Cambridge graduates enter a wide range of careers but making a difference tops their career wish lists. In this series, inspiring graduates from the last three years describe Cambridge, their current work and their determination to give back.
The Enawenê-nawê people of the Amazon rainforest make beautifully engineered fishing dams. Living alongside this indigenous community, Dr Chloe Nahum-Claudel observed how the act of trapping fish shapes their minds, bodies and relationships. The proximity of life and death brings human vulnerability sharply into focus.
India is home to one of the most vibrant, engaged and mystifying democracies on the planet. Cambridge academics, across a wide range of disciplines, are working on the ground – with citizens, charities, NGOs, fellow scholars and politicians – to try to untangle it.
Anthropology looks at human differences in its study of the ‘other’ and at human commonalities in its more recent focus on the ‘suffering’. In identifying ways that anthropology can contribute to solutions for world problems, Professor Joel Robbins proposes an approach he calls the ‘anthropology of the good’.
A study by Tibetan scholar Lobsang Yongdan revisits a long-ignored section of a historic text to reveal how Tibetans were engaging with western scientific knowledge two centuries ago. His research into a geography of the world, first published by a lama in 1830, challenges stereotypical views of Tibet as an isolated and inward-looking society.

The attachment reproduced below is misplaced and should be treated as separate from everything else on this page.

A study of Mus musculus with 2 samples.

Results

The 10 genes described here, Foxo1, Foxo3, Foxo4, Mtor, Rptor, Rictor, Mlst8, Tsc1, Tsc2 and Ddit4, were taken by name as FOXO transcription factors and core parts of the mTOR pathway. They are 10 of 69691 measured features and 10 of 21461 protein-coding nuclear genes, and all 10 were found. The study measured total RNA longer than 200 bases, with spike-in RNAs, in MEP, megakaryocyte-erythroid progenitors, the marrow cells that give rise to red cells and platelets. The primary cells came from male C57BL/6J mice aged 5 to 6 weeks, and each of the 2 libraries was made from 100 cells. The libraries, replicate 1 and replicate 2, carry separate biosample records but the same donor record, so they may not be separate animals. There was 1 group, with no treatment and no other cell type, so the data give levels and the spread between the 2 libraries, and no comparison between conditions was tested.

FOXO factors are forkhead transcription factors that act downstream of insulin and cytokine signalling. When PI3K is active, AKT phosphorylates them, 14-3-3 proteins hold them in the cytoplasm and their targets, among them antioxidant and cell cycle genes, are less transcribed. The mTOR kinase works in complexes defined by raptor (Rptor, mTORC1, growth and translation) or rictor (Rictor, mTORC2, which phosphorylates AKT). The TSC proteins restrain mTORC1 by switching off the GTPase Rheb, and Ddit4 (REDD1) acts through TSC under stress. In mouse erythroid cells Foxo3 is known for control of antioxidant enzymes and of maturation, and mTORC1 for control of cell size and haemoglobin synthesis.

Johannes Lenhard, a PhD candidate in Social Anthropology, discusses his experience of researching the lives of people who beg and considers how they may be affected by new legislation.
The Zimbabwean elections will quickly drop off the international news agenda. In her third and final report, anthropology student Rowan Jones ponders Zimbabwe’s place in world politics and its complex relationships with the West.
In the township of Mbare, anthropology student Rowan Jones finds a complex picture of poverty and propaganda - plus a baffling level of support for Mugabe. In her second report from this troubled nation, she digs into recent political history to make sense of what she encounters.
A student photography competition showcases some of the stunning visuals that result from modern Social Anthropology research
Last week’s Zimbabwean elections saw Robert Mugabe return for a seventh presidential term. Anthropology student Rowan Jones reports on the views of some ordinary Zimbabweans in the country’s second largest city, Bulawayo.